Retailers May Be Forced To Put Markups Online
- By Maxim Tovkailo, Yulia Govorun, Maria Solovichenko, Ksenia Boletskaya
- Dec. 01 2009 00:00
- Last edited 18:21
Retail chains and their suppliers may be required to publish their prices and markups, according to proposed changes to the bill on trade, which State Duma deputies hope will help stop middlemen from driving up inflation.
But the changes, introduced ahead of the bill's key second reading on Dec. 9, are opposed by retailers because they would be required to release their commercial secrets.
The Duma's Economic Policy and Entrepreneurship Committee wants to force retail chains and their suppliers to publish the prices of the goods they have sold and the size of the markup quarterly on the Internet. The changes to the proposed law on trade, a copy of which was obtained by Vedomosti, have been sent to the presidential administration and the Cabinet for approval.
The changes, which essentially force a company to disclose its purchase prices, will apply to a long list of items — everything from socially important goods to technologically sophisticated home appliances, everyday chemicals, furniture and cars.
Technologically sophisticated goods will include virtually all electronics, said Anton Guskov, a spokesman for the Ratek trade association, which includes computer and appliance makers.
The initiative was proposed by United Russia's Institute for Economics and Legislation, said Deputy Yevgeny Fyodorov, who chairs the Economic Policy and Entrepreneurship Committee.
The changes are intended to fight middlemen, since it will be immediately clear from the information posted online where the biggest price hikes are happening, Fyodorov said. "The logic is simple: If you want to be involved in commerce, you should understand that it should be transparent in terms of information."
The presidential administration and the Cabinet will state their official positions on the changes Wednesday, he said.
The government has already indicated that it will come out against the proposal, since information about markups is a commercial secret, said a different member of the Duma committee. Fyodorov said he was aware of this but it was possible that deputies would nonetheless consider the amendment.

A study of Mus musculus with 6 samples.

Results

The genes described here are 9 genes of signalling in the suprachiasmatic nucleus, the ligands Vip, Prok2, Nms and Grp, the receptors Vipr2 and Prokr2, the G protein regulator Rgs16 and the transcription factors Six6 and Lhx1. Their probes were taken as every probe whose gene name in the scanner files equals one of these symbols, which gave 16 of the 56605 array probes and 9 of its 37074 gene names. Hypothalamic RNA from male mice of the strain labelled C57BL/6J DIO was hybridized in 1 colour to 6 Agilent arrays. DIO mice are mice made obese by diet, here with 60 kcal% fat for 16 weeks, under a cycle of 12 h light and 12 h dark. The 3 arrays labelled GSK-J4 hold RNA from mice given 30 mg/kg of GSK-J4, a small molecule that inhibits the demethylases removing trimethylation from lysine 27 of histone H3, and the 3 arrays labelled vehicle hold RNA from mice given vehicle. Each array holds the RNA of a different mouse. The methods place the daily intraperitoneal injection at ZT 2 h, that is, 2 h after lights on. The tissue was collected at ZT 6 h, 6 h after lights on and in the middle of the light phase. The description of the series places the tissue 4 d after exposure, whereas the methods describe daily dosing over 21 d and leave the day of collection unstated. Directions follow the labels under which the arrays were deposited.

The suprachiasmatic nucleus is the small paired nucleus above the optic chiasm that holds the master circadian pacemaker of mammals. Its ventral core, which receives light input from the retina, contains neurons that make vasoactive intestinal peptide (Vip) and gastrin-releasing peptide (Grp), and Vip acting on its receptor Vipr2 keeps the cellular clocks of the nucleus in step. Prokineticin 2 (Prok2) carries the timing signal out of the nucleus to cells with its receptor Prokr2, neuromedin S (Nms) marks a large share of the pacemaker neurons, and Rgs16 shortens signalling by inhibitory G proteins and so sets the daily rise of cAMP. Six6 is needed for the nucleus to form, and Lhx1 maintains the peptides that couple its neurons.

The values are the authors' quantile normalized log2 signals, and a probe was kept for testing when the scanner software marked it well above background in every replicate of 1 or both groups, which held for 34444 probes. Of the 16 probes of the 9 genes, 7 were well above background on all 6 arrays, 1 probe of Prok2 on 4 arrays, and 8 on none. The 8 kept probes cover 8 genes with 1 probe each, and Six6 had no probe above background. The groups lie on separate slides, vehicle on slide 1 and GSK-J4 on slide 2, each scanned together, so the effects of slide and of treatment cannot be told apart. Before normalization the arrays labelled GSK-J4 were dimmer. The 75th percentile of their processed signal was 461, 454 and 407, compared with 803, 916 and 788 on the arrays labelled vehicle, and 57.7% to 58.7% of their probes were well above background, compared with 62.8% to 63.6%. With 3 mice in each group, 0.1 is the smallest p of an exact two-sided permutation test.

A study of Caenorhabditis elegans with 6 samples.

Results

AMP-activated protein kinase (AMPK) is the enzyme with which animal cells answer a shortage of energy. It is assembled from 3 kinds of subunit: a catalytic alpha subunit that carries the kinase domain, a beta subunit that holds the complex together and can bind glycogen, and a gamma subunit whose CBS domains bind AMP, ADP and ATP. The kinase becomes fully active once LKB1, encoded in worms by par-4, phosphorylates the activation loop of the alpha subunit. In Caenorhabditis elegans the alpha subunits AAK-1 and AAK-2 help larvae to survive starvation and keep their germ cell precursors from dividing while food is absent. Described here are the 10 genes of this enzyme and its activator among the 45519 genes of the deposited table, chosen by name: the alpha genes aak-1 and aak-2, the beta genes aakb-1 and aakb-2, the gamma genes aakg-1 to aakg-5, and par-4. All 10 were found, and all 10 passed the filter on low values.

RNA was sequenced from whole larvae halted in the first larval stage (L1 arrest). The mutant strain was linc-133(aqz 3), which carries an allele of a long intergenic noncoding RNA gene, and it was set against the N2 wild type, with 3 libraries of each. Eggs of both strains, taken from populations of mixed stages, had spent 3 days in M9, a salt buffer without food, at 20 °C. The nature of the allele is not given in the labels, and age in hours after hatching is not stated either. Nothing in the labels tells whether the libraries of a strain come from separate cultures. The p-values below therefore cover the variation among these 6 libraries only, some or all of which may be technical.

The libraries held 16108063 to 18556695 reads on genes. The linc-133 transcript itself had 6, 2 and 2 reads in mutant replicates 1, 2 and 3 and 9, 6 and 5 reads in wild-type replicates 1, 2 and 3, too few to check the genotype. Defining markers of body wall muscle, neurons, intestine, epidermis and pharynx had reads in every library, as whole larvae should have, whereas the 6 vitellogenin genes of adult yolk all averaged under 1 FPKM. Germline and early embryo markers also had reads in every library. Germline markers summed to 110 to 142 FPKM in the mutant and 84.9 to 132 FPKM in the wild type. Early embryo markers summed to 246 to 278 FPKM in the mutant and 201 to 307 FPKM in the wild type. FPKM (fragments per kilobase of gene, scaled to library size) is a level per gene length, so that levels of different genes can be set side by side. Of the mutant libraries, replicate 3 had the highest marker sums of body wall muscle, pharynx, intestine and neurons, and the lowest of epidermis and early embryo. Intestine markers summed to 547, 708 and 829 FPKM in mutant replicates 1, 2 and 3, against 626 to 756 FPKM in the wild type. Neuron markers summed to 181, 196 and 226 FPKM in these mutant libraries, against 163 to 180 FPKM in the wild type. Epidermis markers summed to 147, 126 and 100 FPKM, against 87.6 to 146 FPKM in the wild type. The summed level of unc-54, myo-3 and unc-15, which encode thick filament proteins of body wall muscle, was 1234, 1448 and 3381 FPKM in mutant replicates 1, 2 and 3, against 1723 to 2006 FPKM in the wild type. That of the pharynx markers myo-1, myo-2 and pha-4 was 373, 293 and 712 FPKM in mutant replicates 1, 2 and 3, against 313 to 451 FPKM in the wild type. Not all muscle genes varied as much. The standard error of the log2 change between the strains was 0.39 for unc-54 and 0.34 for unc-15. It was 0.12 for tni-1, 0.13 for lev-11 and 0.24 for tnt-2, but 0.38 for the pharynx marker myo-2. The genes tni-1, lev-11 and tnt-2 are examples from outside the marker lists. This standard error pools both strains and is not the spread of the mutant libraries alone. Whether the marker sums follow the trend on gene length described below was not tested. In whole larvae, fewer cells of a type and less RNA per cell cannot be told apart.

"Approval and discussion with the interested parties is ongoing. There have been cases where we've put to a vote legislative initiatives that weren't approved by the government," he said.
The office of First Deputy Prime Minister Viktor Zubkov, who is overseeing the passage of the law, is not yet familiar with the deputies' proposal, a spokesman said, adding that Zubkov was expected to discuss the changes with lawmakers Tuesday.
Officials in the presidential administration reached by Vedomosti said they had not heard about the proposal. The Kremlin's press service declined comment.
Businesses, however, came out against the plan. "So what happened to commercial secrets? Has the whole idea of a market ceased to exist here?" said Dmitry Maslov, chief executive of the Spar supermarket chain.
He said he hoped that the law would be kicked around for a while longer until it reaches the point of complete absurdity and everyone realizes that no one really wants it to pass.
Leonid Tyukavkin, Tekhnosila's vice president for strategy, said the terms of deliveries were confidential and that he was categorically opposed to the proposal. Besides, publishing the price without other contract terms, such as the exclusivity of a model and bonuses for volume, would say little about a company's actual profit from selling a given product, he said.
Publishing all terms of a contract would blatantly contradict the principles of competition, which are used everywhere, Tyukavkin added.
Vadim Novikov, a senior researcher at the government's Academy of National Economy, said he wasn't surprised to see the initiative and that it was the logical continuation of the state's regulation strategy, which has also been used with gasoline and medicine.
In and of themselves, markups don't say anything, he said, adding that it would be more interesting to consider the profitability from sales, particularly if the data is audited.
The law on trade would ban all bonuses, except for ones based on volume sold, and even that would be limited to 10 percent for Russian goods. For socially significant products, it would be prohibited altogether. As of July 1, 2010, companies controlling 25 percent of the market within a municipal entity would be prohibited from expanding there.